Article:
Saturday, February 12, 2011

Meaning of Karate Belts





What Is the Meaning of Karate Belts?






For those unfamiliar with the belt system in karate, it may seem like an arbitrary assignment of colors to determine rank. While the belts to distinguish practitioners is based on a determined mastery of skill, there are specific reasons why a beginner starts with a white belt and a master achieves a black belt. Karate itself is a blend of two fighting techniques: one of fighting effectiveness and the other based on philosophical teachings. It has developed into a discipline with a belt system to help students and instructors keep track of progress. Belt order can vary among disciplines. The order for the Kyukushin Karate discipline is similar to many ranking systems for North American karate.

White
For many cultures, white is a symbol of purity. Most who start the art of karate are naive to the work and discipline that will be required for mastery and are thus pure. It is the start of the journey from the one end of innocents to mastery, just as one can see the various layers of a color spectrum. This level denotes the first ideas of karate being introduced.
Orange
The orange belt represents stability. The kata, or pattern of movements, is practiced with basic postures, punches, blocks and kicks. All other methods learned in higher belts build on the basic principles of the white and orange belts.
Blue
Once a student has mastered the basics and is stable in his form, he must learn to adapt as situations require him to. This is the purpose of the blue belt, which represents fluidity and adaptability. With fluidity comes the joy in training, greater strength and confidence of mind over body.
Yellow
This is the belt where students transform from beginners to developing true skill in the art of karate. The belt represents an assertion of one's energy. Students learn to master the "tanden," otherwise known as the central point of gravity just below the navel. In this mastery, greater control over the body's energy is accomplished.
Green
The green belt is the transition from beginner to true follower of the martial art. The students are humbled as training becomes even more serious. With this transition comes a great flow of emotion and sensitivity as they train in the advance kata and belt methods.
Brown
Brown belts are nearing mastery. As a result, they are required to be both practical and creative by creating techniques and katas. This is where confidence soars as one's own personality is integrated with the many techniques already learned.
Black
A black belt is the pinnacle of achievement in the martial arts. Many will work years to develop the mastery for this attainment. In reality, the belt is not the ultimate goal but instead a new beginning for a journey to start once again from the beginning with a new self-awareness. It represents a state of being and personal growth.

What Is the Meaning of Karate Belts?






For those unfamiliar with the belt system in karate, it may seem like an arbitrary assignment of colors to determine rank. While the belts to distinguish practitioners is based on a determined mastery of skill, there are specific reasons why a beginner starts with a white belt and a master achieves a black belt. Karate itself is a blend of two fighting techniques: one of fighting effectiveness and the other based on philosophical teachings. It has developed into a discipline with a belt system to help students and instructors keep track of progress. Belt order can vary among disciplines. The order for the Kyukushin Karate discipline is similar to many ranking systems for North American karate.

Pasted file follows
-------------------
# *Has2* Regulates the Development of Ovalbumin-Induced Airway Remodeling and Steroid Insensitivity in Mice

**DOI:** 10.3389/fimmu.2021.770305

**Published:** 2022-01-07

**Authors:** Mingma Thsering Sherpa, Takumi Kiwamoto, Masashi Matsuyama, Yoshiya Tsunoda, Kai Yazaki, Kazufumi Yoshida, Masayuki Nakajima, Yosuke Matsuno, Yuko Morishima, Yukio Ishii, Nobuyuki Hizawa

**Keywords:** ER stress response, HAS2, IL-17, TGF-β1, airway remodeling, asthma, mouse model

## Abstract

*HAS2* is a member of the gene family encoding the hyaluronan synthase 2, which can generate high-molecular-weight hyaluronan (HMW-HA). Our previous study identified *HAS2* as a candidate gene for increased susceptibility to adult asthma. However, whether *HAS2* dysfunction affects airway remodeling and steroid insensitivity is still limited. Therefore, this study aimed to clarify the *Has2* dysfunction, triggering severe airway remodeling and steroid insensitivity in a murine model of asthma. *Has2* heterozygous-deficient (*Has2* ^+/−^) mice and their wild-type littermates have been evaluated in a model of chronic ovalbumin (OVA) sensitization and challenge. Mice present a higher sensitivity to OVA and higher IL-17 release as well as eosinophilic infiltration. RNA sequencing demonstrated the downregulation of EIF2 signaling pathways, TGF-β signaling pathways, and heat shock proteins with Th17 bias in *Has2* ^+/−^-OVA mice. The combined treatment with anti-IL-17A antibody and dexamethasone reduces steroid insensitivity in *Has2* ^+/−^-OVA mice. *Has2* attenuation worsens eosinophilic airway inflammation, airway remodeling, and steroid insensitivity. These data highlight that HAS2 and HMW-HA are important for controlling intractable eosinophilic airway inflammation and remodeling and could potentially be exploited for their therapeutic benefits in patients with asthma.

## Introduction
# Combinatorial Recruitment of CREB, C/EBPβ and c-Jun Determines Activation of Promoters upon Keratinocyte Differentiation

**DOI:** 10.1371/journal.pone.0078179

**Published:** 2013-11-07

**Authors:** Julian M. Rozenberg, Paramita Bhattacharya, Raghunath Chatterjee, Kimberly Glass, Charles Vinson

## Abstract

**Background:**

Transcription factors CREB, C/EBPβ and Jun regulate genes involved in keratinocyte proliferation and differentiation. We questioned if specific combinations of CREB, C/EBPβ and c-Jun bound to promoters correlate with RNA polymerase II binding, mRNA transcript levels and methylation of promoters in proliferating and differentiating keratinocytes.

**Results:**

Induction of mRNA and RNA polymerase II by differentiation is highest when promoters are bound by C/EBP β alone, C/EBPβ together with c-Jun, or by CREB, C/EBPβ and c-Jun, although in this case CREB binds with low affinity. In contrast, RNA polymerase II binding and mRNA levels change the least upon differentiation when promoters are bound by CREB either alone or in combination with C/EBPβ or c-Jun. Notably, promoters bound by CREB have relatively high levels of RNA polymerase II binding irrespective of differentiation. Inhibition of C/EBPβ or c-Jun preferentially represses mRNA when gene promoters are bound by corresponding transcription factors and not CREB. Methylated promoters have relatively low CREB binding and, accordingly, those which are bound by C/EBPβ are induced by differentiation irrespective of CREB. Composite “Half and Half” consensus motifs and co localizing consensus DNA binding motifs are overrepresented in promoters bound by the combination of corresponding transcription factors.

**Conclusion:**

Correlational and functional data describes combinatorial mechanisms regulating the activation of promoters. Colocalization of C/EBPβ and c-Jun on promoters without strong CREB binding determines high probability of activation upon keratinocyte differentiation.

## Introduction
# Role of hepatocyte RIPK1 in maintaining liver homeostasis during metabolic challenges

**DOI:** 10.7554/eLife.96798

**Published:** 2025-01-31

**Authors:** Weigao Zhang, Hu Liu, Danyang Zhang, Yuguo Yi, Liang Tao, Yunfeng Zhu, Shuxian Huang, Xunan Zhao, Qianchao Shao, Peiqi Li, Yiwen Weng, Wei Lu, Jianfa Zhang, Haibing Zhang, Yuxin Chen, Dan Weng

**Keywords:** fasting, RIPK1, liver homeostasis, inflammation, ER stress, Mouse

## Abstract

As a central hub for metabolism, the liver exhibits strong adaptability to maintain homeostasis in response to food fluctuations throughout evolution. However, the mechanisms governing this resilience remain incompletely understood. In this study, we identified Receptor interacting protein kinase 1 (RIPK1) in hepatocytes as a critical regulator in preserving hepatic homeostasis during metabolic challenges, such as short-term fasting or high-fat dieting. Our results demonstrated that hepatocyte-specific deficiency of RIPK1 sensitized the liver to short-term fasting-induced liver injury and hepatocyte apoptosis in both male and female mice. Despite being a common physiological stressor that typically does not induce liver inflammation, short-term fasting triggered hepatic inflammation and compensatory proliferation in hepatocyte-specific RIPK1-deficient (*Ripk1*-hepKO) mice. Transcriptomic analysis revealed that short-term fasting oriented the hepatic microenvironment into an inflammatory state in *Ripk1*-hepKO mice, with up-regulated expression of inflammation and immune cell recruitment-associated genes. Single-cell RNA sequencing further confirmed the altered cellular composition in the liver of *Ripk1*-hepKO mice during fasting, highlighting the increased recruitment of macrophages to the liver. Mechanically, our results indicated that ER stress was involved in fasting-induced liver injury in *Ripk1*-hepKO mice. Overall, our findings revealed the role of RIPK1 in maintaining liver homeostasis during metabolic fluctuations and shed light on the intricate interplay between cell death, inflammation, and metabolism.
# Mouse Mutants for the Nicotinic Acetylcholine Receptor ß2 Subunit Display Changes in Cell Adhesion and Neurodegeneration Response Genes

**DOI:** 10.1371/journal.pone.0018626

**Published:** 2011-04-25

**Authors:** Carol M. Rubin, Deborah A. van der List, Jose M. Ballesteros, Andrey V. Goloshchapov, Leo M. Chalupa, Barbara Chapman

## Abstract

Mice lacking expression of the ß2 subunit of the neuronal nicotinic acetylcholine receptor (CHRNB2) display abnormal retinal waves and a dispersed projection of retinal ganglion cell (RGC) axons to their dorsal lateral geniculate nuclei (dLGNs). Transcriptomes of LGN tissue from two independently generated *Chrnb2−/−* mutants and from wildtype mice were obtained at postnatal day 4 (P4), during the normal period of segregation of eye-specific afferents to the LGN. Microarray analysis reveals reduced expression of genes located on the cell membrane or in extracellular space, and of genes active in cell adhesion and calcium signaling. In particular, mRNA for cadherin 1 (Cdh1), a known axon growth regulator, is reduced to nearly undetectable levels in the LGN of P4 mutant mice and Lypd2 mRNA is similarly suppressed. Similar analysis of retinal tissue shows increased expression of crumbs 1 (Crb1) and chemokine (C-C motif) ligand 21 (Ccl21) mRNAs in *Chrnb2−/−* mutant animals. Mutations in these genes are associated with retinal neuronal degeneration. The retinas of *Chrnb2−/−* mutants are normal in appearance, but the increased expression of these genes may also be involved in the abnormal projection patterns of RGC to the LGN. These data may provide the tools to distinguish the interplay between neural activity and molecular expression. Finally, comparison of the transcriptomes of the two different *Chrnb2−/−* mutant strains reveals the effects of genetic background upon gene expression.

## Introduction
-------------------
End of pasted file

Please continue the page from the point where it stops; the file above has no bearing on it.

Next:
White
For many cultures, white is a symbol of purity. Most who start the art of karate are naive to the work and discipline that will be required for mastery and are thus pure. It is the start of the journey from the one end of innocents to mastery, just as one can see the various layers of a color spectrum. This level denotes the first ideas of karate being introduced.
Orange
The orange belt represents stability. The kata, or pattern of movements, is practiced with basic postures, punches, blocks and kicks. All other methods learned in higher belts build on the basic principles of the white and orange belts.
Blue
Once a student has mastered the basics and is stable in his form, he must learn to adapt as situations require him to. This is the purpose of the blue belt, which represents fluidity and adaptability. With fluidity comes the joy in training, greater strength and confidence of mind over body.
Yellow
This is the belt where students transform from beginners to developing true skill in the art of karate. The belt represents an assertion of one's energy. Students learn to master the "tanden," otherwise known as the central point of gravity just below the navel. In this mastery, greater control over the body's energy is accomplished.
Green
The green belt is the transition from beginner to true follower of the martial art. The students are humbled as training becomes even more serious. With this transition comes a great flow of emotion and sensitivity as they train in the advance kata and belt methods.
Brown
Brown belts are nearing mastery. As a result, they are required to be both practical and creative by creating techniques and katas. This is where confidence soars as one's own personality is integrated with the many techniques already learned.
Black
A black belt is the pinnacle of achievement in the martial arts. Many will work years to develop the mastery for this attainment. In reality, the belt is not the ultimate goal but instead a new beginning for a journey to start once again from the beginning with a new self-awareness. It represents a state of being and personal growth.